File photo (Photo by Jonathan Daniel/Getty Images)

File photo (Photo by Jonathan Daniel/Getty Images)

NYC Breakfast

A lighthearted look at news, events, culture and everyday life in New York. The opinions expressed are solely those of the writer.

Consider this your weekly “gag-me-with-a-spoon” newsbreak.

PepsiCo, manufacturer of Gatorade drinks, has voluntarily decided to stop including Brominated Vegetable Oil (BVO) in its products due in part to “consumer feedback.” Some of that consumer feedback may have had something to do with the fact that BVO is patented in Europe as a flame retardant, and not necessarily an important part of your balanced breakfast.

More: New York City Lawyers, Beverage Industry Duel In Court Battle Over Sugary Drinks

While BVO is not considered dangerous in the United States in small quantities, it is apparently banned from foodstuffs in the EU and Japan, according to a Change.org petition from Sarah Kavanagh, a 15-year-old Mississippi girl who will probably get into Harvard in a few years. I’m sure everyone is relieved and grateful that PepsiCo has taken it upon themselves to extract the ingredient from their drinks which are marketed to athletes and little league soccer players across the country, despite the fact that it has not been mandated by any official governing body. In fact, they’ve been contemplating this change for more than a year, according to the LA Times. All on their own! Okay? See how good they are? How many other companies including flame retardant chemicals in their sports drinks voluntarily consider removing said chemicals without getting sued?

Sadly, I think the answer is probably a lot.

In case you were wondering, BVO is used as an emulsifier for those yummy citrus flavors. Without it (or a substitute ingredient like it), your Gatorade would look less uniformly day-glo orange and more like a weird, yellowy-watery substance with globs of orange floating around the top. Yum. Of course, like all flame retardants, it’s also quite delicious. Just kidding. Kids, disregard.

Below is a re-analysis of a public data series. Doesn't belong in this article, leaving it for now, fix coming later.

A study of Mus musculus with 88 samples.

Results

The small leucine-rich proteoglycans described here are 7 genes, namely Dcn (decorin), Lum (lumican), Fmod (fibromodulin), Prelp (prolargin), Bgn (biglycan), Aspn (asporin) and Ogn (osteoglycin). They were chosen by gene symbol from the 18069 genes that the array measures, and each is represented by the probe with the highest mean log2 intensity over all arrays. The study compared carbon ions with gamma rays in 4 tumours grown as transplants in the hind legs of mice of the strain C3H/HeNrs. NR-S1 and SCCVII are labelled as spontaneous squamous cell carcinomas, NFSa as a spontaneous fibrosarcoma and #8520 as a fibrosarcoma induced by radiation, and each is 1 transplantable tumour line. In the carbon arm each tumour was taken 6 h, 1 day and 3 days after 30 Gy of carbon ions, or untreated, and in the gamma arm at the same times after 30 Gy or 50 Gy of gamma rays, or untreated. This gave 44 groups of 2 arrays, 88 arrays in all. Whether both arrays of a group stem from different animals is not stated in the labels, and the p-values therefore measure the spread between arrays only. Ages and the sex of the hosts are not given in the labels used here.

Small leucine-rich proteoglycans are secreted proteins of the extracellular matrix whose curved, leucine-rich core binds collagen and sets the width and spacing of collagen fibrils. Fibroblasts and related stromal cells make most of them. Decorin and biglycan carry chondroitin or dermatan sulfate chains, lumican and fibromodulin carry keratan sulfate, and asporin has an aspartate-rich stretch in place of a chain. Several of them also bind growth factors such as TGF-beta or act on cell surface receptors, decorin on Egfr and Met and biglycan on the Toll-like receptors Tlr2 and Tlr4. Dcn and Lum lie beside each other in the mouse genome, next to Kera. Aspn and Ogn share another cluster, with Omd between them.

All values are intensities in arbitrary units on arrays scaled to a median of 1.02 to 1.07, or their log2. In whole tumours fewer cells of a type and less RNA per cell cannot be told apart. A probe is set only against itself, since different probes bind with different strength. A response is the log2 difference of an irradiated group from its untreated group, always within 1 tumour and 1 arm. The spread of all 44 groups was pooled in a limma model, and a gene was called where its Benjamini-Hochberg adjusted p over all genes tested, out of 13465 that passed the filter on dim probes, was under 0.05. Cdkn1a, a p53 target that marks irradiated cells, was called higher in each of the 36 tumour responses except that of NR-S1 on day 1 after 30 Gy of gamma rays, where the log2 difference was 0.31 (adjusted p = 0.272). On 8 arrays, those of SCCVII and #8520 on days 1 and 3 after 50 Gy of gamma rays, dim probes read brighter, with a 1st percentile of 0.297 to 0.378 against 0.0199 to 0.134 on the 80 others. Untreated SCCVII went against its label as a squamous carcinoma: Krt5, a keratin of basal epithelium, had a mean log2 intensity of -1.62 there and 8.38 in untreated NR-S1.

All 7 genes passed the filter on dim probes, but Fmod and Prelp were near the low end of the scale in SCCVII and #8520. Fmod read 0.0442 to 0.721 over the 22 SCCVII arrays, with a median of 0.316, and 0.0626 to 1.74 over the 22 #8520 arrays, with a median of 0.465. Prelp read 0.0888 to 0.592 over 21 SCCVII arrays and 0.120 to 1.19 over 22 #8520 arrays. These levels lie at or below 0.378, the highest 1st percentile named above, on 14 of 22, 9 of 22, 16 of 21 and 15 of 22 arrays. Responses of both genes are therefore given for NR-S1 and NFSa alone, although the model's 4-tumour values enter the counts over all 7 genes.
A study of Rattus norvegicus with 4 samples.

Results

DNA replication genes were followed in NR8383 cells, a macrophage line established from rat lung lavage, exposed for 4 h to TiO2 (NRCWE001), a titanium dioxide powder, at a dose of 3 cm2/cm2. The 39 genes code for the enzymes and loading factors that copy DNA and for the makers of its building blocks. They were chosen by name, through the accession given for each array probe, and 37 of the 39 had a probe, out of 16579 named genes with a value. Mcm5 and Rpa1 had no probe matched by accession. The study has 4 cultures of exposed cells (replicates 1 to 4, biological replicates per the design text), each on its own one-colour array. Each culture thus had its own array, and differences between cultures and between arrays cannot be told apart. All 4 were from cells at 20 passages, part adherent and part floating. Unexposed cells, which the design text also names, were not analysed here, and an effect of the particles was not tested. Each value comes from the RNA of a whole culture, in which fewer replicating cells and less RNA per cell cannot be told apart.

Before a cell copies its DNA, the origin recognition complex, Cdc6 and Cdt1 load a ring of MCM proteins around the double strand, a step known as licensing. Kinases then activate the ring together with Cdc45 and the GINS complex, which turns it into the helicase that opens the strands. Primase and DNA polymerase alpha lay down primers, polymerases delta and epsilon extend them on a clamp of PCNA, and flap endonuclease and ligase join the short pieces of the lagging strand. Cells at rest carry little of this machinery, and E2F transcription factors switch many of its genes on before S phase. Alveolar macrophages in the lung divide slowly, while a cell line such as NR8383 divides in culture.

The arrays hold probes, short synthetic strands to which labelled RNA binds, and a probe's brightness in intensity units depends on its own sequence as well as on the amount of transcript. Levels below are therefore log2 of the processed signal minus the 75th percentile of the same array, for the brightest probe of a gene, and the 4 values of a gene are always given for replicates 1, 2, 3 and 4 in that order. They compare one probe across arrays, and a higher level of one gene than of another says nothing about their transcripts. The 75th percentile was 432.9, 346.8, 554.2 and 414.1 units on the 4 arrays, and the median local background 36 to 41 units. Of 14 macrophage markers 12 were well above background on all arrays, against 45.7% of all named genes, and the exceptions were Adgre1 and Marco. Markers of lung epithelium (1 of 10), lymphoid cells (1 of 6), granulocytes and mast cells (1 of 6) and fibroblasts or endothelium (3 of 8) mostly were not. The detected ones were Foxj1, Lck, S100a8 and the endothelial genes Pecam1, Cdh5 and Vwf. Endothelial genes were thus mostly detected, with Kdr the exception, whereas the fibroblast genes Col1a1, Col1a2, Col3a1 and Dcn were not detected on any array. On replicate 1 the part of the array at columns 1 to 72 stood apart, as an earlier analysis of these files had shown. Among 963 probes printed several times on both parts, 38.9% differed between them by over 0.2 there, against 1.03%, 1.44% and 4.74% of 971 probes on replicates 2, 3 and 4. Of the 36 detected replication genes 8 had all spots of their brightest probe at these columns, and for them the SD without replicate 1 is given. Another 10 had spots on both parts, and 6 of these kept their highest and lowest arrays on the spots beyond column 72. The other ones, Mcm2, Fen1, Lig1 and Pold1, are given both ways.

I don’t know why I found it so particularly shocking that a beverage that comes in “blue” flavor would contain a hideous and possibly toxic chemical, but I was. Lesson learned. Henceforth, I shall read and Google all ingredients on drink labels. Or I’ll just subscribe to Sarah Kavanagh’s Change.org profile page. Or I’ll just stay away from this junk for good, thereby ensuring that I will not unwittingly consume any more flame retardants.

Except for Fresca. I have been abstaining from soda and fake beverages throughout the duration of my pregnancy, like a good girl. However, the three things on Earth I am dying to consume are a bagel with lox, an Italian sub, and an ice-cold Fresca.

Coca-Cola company, hear this: if you don’t get the flame retardants out of my Fresca by the time I’m ready to return to the land of the normals, well . . . I didn’t think this through. I have no threat as of yet, beyond the promise of my absolute devastation. Or my eventual transformation into a super heroine who is impervious to fire, as excessive BVO consumption has ensured that flame retardant chemicals run through my veins and seep through my pores. It sounds cool, but then you think about the probable insidious cancer, and it’s way less awesome.

Epilogue: Scientific American confirms BVO is in Fresca, which has just crushed my spirit.